When my daughter was born I took 6 weeks off of work. Human Resources told me that’s how much time I had accrued and it didn’t occur to me to ask for more time. I also thought that it would be a bad idea to turn my business over to another engineer while I was gone. Why? I was in sales at the time and didn’t think anyone would take care of my business as well as I would. While that was probably true, it was not a good decision. It certainly is one that I would not repeat.
I gave my customers my home phone number and told them I would be working from home. To give you some background on our situation, this was our first child. I was very much like Prissy in Gone with the Wind who said, “I don’t know nothing about birthing babies.” My husband and I probably knew even less. The first day home from the hospital we ate breakfast at 4 pm. That was after washing anything of my daughter’s that touched the floor, got spit on, or wet. That was just about everything. Who knew that dirt was not fatal? In addition to four loads of laundry before noon, I began to get customer calls when my daughter was two days old.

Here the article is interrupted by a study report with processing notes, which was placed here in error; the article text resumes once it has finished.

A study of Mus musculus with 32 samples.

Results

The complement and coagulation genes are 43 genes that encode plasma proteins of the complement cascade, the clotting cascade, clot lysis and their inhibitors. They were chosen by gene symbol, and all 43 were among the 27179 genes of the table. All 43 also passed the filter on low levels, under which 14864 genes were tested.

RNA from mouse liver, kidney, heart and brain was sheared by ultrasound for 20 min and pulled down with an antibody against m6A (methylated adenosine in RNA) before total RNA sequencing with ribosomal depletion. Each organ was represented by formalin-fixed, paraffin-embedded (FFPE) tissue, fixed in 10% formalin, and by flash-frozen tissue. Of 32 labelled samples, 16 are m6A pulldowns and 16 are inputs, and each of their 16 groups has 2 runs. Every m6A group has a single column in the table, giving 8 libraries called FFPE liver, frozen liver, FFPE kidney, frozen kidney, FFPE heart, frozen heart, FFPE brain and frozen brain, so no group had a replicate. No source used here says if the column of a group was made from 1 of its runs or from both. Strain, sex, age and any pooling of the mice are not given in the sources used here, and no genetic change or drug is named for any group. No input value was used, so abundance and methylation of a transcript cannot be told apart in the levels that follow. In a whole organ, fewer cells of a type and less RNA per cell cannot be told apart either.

I would be talking to customers, making a recommendation about products or resolving problems, while feeding her in my lap. Once, the phone knocked her in the head. Thank goodness she didn’t cry. I’ll bet that cost her a few IQ points. I have to chalk that one up to the fact that it was six weeks before she –and thus my husband and me—slept more than 3 consecutive hours. What was I thinking? That only I could take care of my customers? That I would be signaling less of a commitment to work if I turned my business over to someone else in my absence? It had to be the sleep deprivation talking.
If I had turned my business over to one of my peers, my customers probably would have gotten slower responses to their questions. As I look back, even if my customers didn’t get immediate answers to their questions, their businesses would not have suffered. If my substitute took his time and didn’t give as complete an answer to a problem, it would not have damaged anyone’s business. Yet, I thought that only the highest level of service would be acceptable and I had to be the one to deliver it.
I would not make that decision today. I realize now that part of good business decision making includes how the delivery of that decision impacts me. If I’m going to sacrifice myself, it had better be for a very good reason. And what could that be? I really can’t think of one. Very few business decisions are life or death ones. So why give your life when you don’t have to? You don’t. There are many times in business when less than perfect is good enough. Just make sure you consider what’s good enough when you have to make your next decision. Perfection is not the goal if good enough will work out just fine.